I’m grateful for Madea’s Big Happy Family, which—to be as objectively honest as possible—featured more than one whopping parallel to my personal life, and came into my life at precisely the day and time when I was most able to appreciate them. That said, Tyler Perry’s storytelling remains problematic: He’s all too ready to yuk it up over that which he later denounces (like the marijuana Cassie Davis’s pothead Aunt Bam hilariously chain smokes at every given opportunity), and his drama routinely lacks sufficient nuance, streamlining characters into stereotypes when there’s clearly more room for subtlety. At least here it’s free of the condescending conservatism that’s defined much of his past work, settling instead for what might be called common sense and apolitical human decency.
Loretta Devine plays Shirley, who learns at the film’s outset that her cancer has returned (what kind is never mentioned, only that she’s been battling it for seven years) and who hopes to gather her entire family together for dinner to let the sad news be known. Selfish behavior among her children and their respective spouses repeatedly prevents said meal from happening (whiffs of The Discreet Charm of the Bourgeoisie), at which point Madea (Perry) takes it upon herself to gather the embittered spawn together for their mother’s dinner at nothing less than the threat of an ass whooping.
As someone whose own mother has grappled with the disease for nearly as long, Perry’s handling of the drama is an admirable example of soapy storytelling aimed at the sensibilities of the masses in the broadest sense, never less than sincere even when the players are reduced to one-note archetypes—particularly the film’s most villainous character, Shannon Kane’s ungrateful Kimberly. Paralleling the central drama is Madea’s epic battle against disrespect, primarily that ingrained in young people, but also that which unhappy couples pass on to their children through soft parenting.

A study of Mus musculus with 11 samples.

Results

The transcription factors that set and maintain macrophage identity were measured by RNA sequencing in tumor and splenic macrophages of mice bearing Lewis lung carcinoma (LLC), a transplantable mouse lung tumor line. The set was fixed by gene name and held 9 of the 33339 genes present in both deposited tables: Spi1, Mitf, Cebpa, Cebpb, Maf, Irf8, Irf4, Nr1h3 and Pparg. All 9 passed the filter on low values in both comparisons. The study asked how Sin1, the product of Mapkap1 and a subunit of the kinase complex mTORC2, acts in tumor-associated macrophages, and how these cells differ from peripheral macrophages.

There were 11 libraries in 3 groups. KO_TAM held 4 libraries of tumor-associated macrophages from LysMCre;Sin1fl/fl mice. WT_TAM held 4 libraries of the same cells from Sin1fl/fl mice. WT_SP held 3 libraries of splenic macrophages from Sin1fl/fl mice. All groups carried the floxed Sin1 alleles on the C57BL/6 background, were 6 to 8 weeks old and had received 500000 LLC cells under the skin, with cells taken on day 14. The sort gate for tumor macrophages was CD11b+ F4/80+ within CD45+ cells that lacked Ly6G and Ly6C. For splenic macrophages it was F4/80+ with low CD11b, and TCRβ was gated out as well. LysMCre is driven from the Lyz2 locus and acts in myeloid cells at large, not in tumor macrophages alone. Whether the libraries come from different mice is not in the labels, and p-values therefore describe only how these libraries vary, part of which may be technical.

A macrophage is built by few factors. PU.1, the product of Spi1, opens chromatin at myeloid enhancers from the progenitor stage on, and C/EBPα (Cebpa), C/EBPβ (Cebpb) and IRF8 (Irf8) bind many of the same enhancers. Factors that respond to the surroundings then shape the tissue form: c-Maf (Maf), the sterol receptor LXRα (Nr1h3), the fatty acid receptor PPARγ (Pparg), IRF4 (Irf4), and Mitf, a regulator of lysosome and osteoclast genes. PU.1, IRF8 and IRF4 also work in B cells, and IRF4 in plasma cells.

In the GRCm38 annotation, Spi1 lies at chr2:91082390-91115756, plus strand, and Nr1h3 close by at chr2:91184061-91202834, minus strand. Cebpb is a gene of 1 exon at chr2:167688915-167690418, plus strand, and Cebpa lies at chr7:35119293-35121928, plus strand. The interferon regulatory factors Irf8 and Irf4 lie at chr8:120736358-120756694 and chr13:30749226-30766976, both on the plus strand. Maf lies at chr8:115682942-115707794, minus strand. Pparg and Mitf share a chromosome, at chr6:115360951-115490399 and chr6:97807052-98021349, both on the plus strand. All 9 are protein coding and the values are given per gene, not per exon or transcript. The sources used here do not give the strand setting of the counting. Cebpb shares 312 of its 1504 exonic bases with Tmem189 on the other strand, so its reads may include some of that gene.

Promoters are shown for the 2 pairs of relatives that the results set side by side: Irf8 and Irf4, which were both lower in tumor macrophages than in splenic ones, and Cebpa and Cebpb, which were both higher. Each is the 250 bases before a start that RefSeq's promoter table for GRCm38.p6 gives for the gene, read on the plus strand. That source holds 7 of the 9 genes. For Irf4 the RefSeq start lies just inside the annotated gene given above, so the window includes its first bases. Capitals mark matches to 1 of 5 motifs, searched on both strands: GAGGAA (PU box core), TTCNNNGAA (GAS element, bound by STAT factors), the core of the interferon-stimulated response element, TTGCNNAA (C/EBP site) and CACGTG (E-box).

Setting the tone is an opening set piece in which Madea—pissed off at the gum-chewing inattentiveness of a drive-thru attendant—plows her car through a fast-food restaurant, Terminator-style. Though Madea’s antics have come off as unforgivably selfish in the past (particularly distasteful in Madea Goes to Jail, which saw her rightfully thrown behind bars), here her bullheadedness is put to far more righteously judicial effect. Perry’s humor in these sequences is base bordering on the profound (damn, can his lips move), culminating in a slyly self-deprecating sequence in which Madea finds herself on the short end of the stick on the Maury talk show. Whether she’s smacking some sense into a wild child or telling her relatives like it is, her advice is shrill but sound, a dose of fork-in-your-eye gadflyism for a me-me-me society in dire need of it.